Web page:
Bulls Blitz may not only be a way of getting to football games at Raymond James Stadium if a new program, created by Student Government (SG), is launched this semester.
“Bulls Blitz to Student Success” is a program that would give students the opportunity to visit businesses in the Tampa Bay area as a networking opportunity.
Locations for visits would vary to reach students across all colleges at the university, and approximately 20-25 students would participate in each trip.
“We already do the Bulls Blitz to Raymond James,” Nia Jackson, a senior majoring in sociology and secretary for Student Success said. “(The program would) actually take that Bulls Blitz to go out into the community and go out into businesses, meeting professionals and having a little networking with them.”
The program, Jackson said, will be a good networking opportunity for students, who many times only get exposure with businesses in the Tampa Bay area when they visit campus for career fairs and other events.
“Say you’re a mass communications major and we’re going to Bay News 9,” Jackson said. “We’d take a Bull Runner, 20 to 25 students, and we’d maybe meet with a copy writer and anchor and a reporter. So basically they get the ins-and-outs on how to get in this field and what (students) should be doing in college to be prepared.”
The program is a new initiative, and has not yet been given A&S funding, student body President William Warmke, said. A major cost of this program, Jackson said, would be the expenses of using a Bull Runner bus as transportation for up to three hours per trip.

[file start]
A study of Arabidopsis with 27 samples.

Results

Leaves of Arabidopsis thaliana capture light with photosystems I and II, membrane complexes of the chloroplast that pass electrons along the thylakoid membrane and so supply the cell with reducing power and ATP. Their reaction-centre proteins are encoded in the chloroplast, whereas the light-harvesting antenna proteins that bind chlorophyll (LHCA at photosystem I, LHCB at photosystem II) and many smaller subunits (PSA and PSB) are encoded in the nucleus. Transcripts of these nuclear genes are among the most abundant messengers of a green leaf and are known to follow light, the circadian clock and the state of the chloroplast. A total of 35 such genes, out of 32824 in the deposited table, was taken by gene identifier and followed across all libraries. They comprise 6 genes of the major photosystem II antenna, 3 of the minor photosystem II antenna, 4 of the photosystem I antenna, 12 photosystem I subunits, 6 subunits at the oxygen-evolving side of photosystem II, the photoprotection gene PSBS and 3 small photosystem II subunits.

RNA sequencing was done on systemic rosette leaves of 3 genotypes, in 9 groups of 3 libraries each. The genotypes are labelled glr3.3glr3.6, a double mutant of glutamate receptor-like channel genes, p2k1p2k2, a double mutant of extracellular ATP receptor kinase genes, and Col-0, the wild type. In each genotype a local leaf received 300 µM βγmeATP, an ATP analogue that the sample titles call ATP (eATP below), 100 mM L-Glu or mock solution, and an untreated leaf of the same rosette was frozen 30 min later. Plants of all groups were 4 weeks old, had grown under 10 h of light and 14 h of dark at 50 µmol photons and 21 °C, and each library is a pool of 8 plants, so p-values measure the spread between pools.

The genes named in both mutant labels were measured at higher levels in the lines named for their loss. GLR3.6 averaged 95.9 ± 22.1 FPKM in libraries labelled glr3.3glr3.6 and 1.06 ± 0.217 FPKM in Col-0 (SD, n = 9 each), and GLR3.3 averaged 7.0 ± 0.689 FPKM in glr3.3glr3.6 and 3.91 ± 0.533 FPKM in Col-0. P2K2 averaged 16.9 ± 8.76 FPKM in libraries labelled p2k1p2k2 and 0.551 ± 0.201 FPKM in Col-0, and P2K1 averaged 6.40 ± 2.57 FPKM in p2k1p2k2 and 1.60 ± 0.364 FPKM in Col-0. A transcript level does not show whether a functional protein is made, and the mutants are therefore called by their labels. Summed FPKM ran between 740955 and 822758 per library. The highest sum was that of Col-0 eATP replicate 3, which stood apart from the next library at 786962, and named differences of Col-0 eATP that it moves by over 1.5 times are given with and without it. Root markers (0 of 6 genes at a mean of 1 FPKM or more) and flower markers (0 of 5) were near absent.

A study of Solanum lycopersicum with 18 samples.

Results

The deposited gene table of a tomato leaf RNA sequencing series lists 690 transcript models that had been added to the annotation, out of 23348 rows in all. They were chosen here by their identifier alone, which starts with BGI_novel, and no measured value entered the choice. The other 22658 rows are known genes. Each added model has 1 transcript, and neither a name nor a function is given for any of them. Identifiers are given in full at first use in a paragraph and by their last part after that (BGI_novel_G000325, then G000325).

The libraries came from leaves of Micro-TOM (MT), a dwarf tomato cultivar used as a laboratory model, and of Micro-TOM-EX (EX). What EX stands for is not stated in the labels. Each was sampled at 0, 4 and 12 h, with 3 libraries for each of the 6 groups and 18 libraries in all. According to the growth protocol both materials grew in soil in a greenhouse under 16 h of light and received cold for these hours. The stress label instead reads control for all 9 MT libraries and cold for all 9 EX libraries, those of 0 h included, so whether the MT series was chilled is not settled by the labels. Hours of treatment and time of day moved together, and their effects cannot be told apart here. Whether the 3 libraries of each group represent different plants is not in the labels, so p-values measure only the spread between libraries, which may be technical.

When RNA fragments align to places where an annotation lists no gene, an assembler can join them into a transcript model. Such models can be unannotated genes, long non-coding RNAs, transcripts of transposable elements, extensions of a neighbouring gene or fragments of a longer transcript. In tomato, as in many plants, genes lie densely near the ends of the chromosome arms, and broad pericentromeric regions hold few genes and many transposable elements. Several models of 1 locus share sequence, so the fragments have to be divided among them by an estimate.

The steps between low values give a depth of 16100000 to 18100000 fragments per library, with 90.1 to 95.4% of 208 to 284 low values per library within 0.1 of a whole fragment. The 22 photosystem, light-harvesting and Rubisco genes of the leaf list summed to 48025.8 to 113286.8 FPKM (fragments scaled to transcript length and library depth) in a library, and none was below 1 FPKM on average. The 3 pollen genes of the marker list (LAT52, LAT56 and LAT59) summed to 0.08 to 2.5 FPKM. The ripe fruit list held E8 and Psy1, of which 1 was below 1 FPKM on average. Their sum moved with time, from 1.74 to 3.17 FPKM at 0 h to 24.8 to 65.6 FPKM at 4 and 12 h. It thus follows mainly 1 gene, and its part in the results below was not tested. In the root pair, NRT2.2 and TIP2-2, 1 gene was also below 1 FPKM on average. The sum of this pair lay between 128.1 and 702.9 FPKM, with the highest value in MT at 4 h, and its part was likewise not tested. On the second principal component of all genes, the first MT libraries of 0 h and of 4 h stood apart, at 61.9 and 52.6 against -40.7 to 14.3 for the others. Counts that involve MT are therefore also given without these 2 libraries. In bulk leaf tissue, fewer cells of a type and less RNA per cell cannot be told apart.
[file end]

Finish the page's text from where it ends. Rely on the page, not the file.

“That’s something Student Government wants to do, is provide an experience outside the classroom,” Warmke said. “What the (program) is going to do is to engage our local Tampa Bay community partners and kind of build those networking connections and relationships, and get people in the workforce and let them see what their degrees do, and see what it’s like in action.”
A survey was launched last week by SG about the pilot program to gather feedback from students to see if they would utilize the program and what businesses students are interested in visiting.
Though Jackson said she hasn’t had many responses yet, the feedback she has received has been helpful.
“I want to know where your dream job in Tampa would be at, so I know to contact these people,” Jackson said. “I’m not everyone’s major. I do research on my own, and people are writing down what they would like and being very detailed, so I love the responses that I’ve got so far.”
Jackson said she thinks the program is necessary because it gives students an opportunity to explore what their majors mean for careers outside of a university setting.
“So many people get to their junior or senior year and have not had one internship yet,” Jackson said. “Or they don’t know what the inside of these types of companies they want to work for look like.”
Jackson said she plans to meet with the Undergraduate Studies coordinator in each of the colleges at USF, to get feedback on what businesses to target that may be beneficial for students to network with.
While the program is in the “trial and error” stages, Jackson said she hopes the program’s first trip will take place in November.